Dingleberry Pi turns 1 years old this week. Throughout that time, we’ve achieved 99.97% uptime, and the growth of visits has been phenomenal. It’s been a year of learning, testing and tweaking, overcoming some of the shortfalls that the Raspberry Pi has.

Something I’m experiencing quite a lot is MySQL service outages, and given the site attracts 16,000 visits a month, this is understandable. The 512mb model B is undoubtably more capable of handling more traffic than its earlier 256mb sibling, but how do you overcome service outage, and how do you get alerted when it happens?Birthday

Steps I’ve taken to keep the site online

There’s no getting round that the more visits you receive, the harder your Raspberry Pi server has to work, the more likely it is to go wrong from time to time. I’ve set a cron to restart mysql twice a day. This clears the service cache and has made a massive difference.

Uninstall any unnecessary services, and check your configuration in my.cnf. Tweaking your memory buffer settings can help. I will cover this in a tutorial at a later date.

Use a caching plugin if you’re running a WordPress site. WordPress gets more and more database hungry with every passing update. Using a caching plugin like Quick Cache massively reduces server load, and load times of the pages on your site.

Keep it backed up! I have a nightly backup to Amazon S3, and touching wood, never had to restore one yet, but the piece of mind helps me sleep at night!

Steps I’m going to take

The next step, without a doubt is to put the MySQL service on a separate Raspberry Pi. The Raspberry Pi that hosts the entire site at the moment will only manage Apache2, PHP and postfix. The second will run as a dedicated MySQL server. Sharing the load across two devices reduces the likelihood of service outage.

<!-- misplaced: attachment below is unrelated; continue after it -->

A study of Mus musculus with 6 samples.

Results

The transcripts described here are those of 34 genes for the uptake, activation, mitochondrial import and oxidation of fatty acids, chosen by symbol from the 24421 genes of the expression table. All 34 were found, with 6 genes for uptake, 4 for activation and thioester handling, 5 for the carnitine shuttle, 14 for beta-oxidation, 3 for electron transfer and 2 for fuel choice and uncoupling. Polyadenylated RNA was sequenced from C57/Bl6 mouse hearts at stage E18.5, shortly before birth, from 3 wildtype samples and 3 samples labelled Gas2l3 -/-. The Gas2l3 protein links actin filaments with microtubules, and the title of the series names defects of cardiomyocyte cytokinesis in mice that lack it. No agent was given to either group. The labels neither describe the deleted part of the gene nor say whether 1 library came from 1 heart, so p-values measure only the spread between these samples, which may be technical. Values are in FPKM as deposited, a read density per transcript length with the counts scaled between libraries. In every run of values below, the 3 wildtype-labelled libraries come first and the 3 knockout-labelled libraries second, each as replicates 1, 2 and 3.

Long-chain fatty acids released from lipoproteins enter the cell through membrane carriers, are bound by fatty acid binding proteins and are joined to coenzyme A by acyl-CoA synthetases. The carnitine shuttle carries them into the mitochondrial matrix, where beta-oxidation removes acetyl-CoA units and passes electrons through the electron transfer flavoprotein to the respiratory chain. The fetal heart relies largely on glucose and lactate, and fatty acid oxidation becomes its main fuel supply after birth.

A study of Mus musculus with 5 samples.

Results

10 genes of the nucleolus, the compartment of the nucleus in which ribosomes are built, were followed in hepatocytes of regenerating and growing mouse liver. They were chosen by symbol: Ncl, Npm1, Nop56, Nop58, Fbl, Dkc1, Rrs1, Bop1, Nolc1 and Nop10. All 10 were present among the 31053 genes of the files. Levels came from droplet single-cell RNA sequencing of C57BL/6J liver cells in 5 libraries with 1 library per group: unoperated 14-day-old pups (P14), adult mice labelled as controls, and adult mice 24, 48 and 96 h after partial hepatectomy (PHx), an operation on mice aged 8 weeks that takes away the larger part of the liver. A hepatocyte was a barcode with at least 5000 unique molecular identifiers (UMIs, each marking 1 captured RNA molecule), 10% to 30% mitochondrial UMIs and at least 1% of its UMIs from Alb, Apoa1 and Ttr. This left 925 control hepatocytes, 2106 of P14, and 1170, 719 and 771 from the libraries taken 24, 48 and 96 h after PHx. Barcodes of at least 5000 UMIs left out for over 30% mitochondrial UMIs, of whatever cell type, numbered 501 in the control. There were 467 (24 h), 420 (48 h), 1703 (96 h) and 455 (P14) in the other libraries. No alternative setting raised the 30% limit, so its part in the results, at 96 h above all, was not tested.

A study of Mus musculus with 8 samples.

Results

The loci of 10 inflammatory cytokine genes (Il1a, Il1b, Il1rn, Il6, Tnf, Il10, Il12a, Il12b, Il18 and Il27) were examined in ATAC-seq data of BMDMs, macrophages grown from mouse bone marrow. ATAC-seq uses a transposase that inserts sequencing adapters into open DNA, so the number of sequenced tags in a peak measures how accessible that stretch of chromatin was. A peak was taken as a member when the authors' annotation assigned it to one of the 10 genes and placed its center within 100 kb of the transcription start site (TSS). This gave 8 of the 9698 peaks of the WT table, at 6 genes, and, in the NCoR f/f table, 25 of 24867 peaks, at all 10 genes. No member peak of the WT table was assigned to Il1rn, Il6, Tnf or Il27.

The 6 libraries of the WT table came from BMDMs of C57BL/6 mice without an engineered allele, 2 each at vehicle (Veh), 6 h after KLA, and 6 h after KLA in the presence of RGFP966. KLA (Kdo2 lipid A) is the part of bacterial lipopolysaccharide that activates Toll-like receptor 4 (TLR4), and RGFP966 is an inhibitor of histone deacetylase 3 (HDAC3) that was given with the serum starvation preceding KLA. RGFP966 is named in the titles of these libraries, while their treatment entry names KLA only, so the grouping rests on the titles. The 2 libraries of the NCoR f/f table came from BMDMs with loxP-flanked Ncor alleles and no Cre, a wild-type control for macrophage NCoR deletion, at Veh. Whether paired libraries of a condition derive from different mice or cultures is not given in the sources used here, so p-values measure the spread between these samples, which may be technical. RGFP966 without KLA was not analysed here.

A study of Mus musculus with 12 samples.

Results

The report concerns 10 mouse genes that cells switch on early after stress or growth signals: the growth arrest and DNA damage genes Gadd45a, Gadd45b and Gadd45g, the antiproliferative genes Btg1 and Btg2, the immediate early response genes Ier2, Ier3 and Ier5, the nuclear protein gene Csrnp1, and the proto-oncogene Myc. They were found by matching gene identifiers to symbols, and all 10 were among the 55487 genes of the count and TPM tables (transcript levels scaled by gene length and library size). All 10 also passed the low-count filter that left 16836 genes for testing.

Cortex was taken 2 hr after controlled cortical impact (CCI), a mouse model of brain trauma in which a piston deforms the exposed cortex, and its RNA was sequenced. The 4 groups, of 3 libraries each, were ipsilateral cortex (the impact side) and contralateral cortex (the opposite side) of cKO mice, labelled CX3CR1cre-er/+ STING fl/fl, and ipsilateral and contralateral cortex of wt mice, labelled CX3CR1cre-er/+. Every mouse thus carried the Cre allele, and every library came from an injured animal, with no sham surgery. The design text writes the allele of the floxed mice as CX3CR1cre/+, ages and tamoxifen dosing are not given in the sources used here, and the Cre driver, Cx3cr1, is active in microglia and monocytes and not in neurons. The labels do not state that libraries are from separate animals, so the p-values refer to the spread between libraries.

Once I’ve acquired the necessary skills, my intention is to create a cluster of 4 Raspberry Pi’s, which will act as a single server. Yet again, a tutorial will follow in due course!

Staying aware of outages

It’s important to be kept in the loop of outages on any web server. Using services like Pingdom, you can be alerted of system down time.

Aside from the usual ping tests, I’ve created a transactional test that alerts me when the MySQL service is down. See the screenshot below for the settings to use for your own test.

Pingdom MySQL check

What I’ve learnt in the project so far

This year-long project has been a real eye opener for me, and there’s so much that I’ve learnt along the way. This is what I’ve learnt in the past year:

  • A Raspberry Pi can run Apache2, PHP and MySQL reasonably well
  • You can reliably run a WordPress site from a Raspberry Pi Web Server
  • The Raspberry Pi can perform better by overclocking it and running the OS from a high quality USB Flash drive
  • They stay relatively cool, although heatsinks are recommended
  • They can handle upwards of 16,000 visits a month with only a couple of service failures. Afterall, we are really testing the capabilities of these £30 web servers!

I don’t know where I’m taking the project next, but it will carry on. I’m a backer of the Ghost blogging platform, so a natural progression would be to try running this on a Raspberry Pi. As mentioned before, having two Raspberry Pi’s to run the site, but this is only to serve the growing traffic to the site. What are your thoughts, what should I try next and where should the project go? Comment below.